3 ways to say thank you to employees

National Employee Appreciation Day

National Employee Appreciation Day is a time to recognise achievements and say thank you.

Now, it goes without saying that we should recognise employees for the work they do as much as we can and it’s pretty depressing that we even need a day to remind us of this fact. But remember, appreciation wanes over time.

As Hayley Exon, Head of Reward & Recognition told me recently, recognition lasts approximately 3-weeks in an employee’s memory and feeling bank.

So, what are the 3 things you can do to thank your employees?

1. Make it public

The expression “thank you” derives from the word “think.” It is all about remembering and marking a moment. Thank you, translates as “I will remember what you did for me.”

With that in mind, marking moments and storing them away for use later is an effective way to enhance appreciation. Don’t just say thanks for one incidence, encourage leaders to pull together two or three examples of where an employee (or a team) has performed well, and put that in written communication.

When you show that you remember good work, and recall that work, then your thanks is more genuine.

Take time to regularly write a message of thanks to teams, and back that thanks up with evidence.

2. Make it real

In this online age of email, tweets and meme-sharing it’s so easy to fire of a thank you. That’s why writing a message of appreciation using pen and ink can be so powerful.

I still have three letters from team members who wrote to me when they left ‘The Team’. I can not bring myself to let go of those letters and they are still in my drawer. They are somehow more important because they are a physical reminder of someone’s appreciation.

The CEO of Pepsi witnessed this first hand when she wrote to the parents of employees thanking them for the job they had done is raising a child who she valued as a colleague.

It takes time to write a physical letter, but it is worth it.

3. Make it easy

Ten years ago, British Gas approached us with a problem. Their employees weren’t using their recognition platform to show their appreciation for peers.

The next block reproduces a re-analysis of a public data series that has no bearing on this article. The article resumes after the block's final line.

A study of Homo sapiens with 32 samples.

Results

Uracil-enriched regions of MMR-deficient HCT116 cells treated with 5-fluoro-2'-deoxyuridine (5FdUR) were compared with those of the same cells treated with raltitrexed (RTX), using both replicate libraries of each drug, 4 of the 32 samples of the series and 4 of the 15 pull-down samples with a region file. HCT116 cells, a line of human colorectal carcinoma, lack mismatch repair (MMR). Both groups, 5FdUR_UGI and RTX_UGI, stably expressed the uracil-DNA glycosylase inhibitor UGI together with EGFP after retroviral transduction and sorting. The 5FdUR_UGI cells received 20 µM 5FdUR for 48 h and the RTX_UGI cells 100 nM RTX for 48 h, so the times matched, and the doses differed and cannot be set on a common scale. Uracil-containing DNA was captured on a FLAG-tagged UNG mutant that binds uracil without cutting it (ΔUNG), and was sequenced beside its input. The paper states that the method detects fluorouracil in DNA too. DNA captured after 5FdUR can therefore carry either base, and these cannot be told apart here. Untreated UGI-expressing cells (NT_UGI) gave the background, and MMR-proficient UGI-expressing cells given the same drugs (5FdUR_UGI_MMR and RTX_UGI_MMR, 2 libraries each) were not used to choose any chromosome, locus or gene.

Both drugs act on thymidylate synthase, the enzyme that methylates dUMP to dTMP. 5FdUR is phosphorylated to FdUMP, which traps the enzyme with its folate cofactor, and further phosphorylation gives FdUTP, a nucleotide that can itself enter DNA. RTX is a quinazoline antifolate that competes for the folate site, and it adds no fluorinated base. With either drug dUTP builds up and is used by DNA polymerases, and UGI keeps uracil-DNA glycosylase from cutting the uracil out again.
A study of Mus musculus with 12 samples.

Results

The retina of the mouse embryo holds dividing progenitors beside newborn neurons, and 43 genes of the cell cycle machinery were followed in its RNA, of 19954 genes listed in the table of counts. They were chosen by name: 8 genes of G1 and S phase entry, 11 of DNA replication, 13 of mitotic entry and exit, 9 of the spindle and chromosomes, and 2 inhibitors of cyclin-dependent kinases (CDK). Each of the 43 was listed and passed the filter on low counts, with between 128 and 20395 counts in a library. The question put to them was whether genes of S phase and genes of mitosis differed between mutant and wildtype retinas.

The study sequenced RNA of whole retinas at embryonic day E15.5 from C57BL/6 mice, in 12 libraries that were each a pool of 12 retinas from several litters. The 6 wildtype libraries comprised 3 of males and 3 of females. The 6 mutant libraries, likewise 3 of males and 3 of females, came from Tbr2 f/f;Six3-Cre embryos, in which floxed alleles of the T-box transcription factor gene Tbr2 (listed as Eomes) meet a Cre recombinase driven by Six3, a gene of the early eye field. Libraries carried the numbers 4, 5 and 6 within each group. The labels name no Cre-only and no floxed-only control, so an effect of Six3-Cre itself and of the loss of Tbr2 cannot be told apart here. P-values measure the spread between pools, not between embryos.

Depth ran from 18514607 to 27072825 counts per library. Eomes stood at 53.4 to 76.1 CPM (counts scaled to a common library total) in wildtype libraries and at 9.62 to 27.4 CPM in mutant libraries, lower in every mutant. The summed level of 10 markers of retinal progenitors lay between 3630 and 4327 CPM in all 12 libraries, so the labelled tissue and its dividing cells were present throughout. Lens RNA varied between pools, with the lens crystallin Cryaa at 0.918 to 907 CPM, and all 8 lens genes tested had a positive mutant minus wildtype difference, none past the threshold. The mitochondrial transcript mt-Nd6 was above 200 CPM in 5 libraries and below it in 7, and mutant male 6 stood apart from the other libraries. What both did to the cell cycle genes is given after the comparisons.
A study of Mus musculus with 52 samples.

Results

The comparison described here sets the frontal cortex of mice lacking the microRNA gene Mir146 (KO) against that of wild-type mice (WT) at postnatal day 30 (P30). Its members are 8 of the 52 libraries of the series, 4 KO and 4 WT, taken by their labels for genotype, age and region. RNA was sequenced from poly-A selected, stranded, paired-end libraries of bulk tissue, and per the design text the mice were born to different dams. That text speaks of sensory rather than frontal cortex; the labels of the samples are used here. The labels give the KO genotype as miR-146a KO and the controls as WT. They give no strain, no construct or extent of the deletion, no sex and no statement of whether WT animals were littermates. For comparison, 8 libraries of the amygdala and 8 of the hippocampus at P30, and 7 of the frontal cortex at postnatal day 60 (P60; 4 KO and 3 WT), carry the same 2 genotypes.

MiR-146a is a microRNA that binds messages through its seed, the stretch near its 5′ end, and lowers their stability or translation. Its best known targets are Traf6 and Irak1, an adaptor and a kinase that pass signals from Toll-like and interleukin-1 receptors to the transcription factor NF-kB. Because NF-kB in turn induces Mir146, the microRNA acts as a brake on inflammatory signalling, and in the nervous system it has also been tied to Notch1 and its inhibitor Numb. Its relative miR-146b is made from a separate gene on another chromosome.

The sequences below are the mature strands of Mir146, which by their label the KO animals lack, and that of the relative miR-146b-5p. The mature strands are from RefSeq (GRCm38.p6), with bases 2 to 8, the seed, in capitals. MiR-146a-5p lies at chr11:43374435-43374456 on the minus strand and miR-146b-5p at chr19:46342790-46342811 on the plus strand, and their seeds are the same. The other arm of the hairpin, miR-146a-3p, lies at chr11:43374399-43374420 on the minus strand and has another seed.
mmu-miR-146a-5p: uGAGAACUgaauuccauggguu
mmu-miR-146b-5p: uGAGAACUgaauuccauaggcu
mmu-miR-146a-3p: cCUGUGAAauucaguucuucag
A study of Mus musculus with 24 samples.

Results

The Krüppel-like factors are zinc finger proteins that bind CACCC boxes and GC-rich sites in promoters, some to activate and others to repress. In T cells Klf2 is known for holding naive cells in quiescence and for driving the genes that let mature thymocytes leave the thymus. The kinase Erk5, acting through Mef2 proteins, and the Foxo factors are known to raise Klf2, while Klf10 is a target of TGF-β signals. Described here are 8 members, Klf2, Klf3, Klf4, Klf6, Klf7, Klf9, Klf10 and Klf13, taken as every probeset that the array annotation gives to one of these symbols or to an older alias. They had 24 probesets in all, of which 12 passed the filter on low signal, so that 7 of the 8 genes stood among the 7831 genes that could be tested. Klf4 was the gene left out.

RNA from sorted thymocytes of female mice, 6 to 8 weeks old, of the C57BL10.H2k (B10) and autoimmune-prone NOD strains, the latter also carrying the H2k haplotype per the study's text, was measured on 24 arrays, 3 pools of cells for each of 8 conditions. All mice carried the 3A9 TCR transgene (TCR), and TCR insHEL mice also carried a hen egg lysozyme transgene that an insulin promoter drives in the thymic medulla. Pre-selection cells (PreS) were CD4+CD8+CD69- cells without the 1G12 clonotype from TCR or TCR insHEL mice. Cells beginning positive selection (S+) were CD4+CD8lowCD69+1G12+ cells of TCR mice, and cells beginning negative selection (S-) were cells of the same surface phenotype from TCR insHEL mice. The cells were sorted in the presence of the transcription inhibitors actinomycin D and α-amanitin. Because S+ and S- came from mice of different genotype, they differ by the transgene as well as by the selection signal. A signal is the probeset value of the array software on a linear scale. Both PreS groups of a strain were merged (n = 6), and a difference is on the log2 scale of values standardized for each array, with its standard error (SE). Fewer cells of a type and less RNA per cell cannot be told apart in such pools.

They were perplexed.

Employees could reward colleagues £50, but the system wasn’t being used.

The answer was simple. There were a few steps employees had to go through to trigger the ‘thank you’, and nominations would need to be checked. It was these few steps that stopped busy employees from participating.

We simply removed the £50 reward and the few unnecessary steps and enabled a simple one click process to trigger a thank you message to colleagues. This ‘Simply Thank You’ approach went from 100 emails a month to nearly 3,000 ‘thank yous’ in the first week.

So, what does thank you mean to you?

In Portuguese obrigado translates as “much obliged” but actually means “I am in your debt.”

Similarly, in French, merci means ‘mercy’, or more literally “I am at your mercy.”

Maria Popova has written a wonderful short blog on the etymology of thank you.

My thanks go to my colleagues at The Team.

I asked them what ‘thank you’ means to them, and this is what they said:

  • “When receiving thanks: It means I’m seen and not ignored. It means I’m recognised (either as an individual or as part of a collective). It can mean I’m valued.”
  • “When giving thanks: It means I’m able to let someone else know their value. It gives me the chance to let others know I see and hear them. It facilitates a meaningful human connection.”
  • “To me, it means you are actually being appreciated, as well as being remunerated, for the time and effort you put in and for the stress you endure while performing the tasks our jobs entail.”
  • “Thank you is a symbol of recognition and a reminder of working within a team where people appreciate me, I appreciate them, and confirmation we have a positive, uplifting culture at The Team. Proud to be a part of it.”
  • “At the end of the day, it helps you to know you made a difference and that you’re appreciated.”
  • “To me it means that you’re being recognised and appreciated for something you’ve done and has made a positive change. No matter if big or small.”

These words sum up the importance of appreciation: it’s ability to drive pride; it’s ability to reassure people that they are making a difference; the way in which it can make the giver of thanks and the recipient feel good.


The Team have been in the business of creating brands and design experiences that drive positive change for 40 years. Specialising in reward and recognition, employee engagement, brand strategy and brand activation, we are a blend of consultants, strategists, and designers who connect people to brands to drive business success.

Using insight, behavioural science and our unique approach to brand, we work with you to create trust with the people that matter most.